A cautionary tale – a sort of sequel to ‘The fall’.
To climb a ladder, it makes sense to take your time. Get ready
By making sure the ground is firm and that your ladder’s steady.
And when you’ve done that, you can climb – but you must do it right
And keep your weight close to the rungs and hold on very tight.
So that was what I did one day to reach an old flat roof.
(Well, since its stones had come unstuck, it wasn’t weatherproof.)
I noticed that my ladder was wobbling, so I found
A strip of wood to fit between the short leg and the ground.
That made it steady. Up I went to clear the blocked-up gutter
Of lots of rolled-off tarry stones, and leaves and other clutter.
I’d carried up a bucket, so it took no time at all
To fill and carry down again. And no, I didn’t fall!
But then I thought, “How can I stop more stones from rolling free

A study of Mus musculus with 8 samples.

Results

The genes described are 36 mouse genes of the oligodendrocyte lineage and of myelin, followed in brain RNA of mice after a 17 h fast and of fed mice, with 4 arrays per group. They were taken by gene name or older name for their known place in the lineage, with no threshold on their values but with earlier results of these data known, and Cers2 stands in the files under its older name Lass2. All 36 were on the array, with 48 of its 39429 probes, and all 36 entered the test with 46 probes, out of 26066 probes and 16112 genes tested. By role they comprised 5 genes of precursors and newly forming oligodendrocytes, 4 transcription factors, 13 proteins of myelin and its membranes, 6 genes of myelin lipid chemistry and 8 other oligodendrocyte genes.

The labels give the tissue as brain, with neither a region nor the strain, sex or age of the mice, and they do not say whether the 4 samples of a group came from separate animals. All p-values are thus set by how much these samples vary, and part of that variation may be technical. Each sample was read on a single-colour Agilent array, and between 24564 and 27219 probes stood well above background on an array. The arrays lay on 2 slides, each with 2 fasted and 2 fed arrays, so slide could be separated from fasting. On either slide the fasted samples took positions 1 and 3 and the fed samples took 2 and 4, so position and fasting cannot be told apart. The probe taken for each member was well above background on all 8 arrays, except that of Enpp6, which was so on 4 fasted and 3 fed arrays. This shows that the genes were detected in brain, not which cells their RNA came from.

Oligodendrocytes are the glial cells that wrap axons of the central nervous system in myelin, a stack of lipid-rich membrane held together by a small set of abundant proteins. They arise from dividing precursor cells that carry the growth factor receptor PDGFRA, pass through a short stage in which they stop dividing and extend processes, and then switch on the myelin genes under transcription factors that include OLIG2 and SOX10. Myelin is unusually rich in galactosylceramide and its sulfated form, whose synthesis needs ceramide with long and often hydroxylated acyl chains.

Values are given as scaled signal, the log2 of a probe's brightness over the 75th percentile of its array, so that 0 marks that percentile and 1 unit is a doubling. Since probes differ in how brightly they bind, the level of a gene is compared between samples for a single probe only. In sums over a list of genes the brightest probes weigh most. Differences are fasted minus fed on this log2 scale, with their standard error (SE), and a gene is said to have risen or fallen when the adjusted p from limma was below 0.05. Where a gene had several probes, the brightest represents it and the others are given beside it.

And causing trouble once again? I know,” I thought, “I’ll see
If I can find a strip of wood to fit, I could attach it
To where the stones roll off the roof which, if one rolled, would catch it.
I looked around for such a strip. I found one just the size,
And took it up the ladder. Then . . . I got a big surprise:
The ladder tilted to the right and I fell to the left.
I landed with a hefty blow that took away my breath.
In A&E, they used their scans to diagnose my plight:
“Five ribs are broken,” they explained, “but they should mend all right.”
(In case you haven’t twigged it, the strip of wood I used
Was what had propped the ladder up – no wonder I was bruised!)
The moral of this story is: to keep your focus clear,
And when a job expands, make sure you do not interfere
With what had kept you safe before; so add, not take away.
Then you’ll survive and, what is more, your ribs will be ok!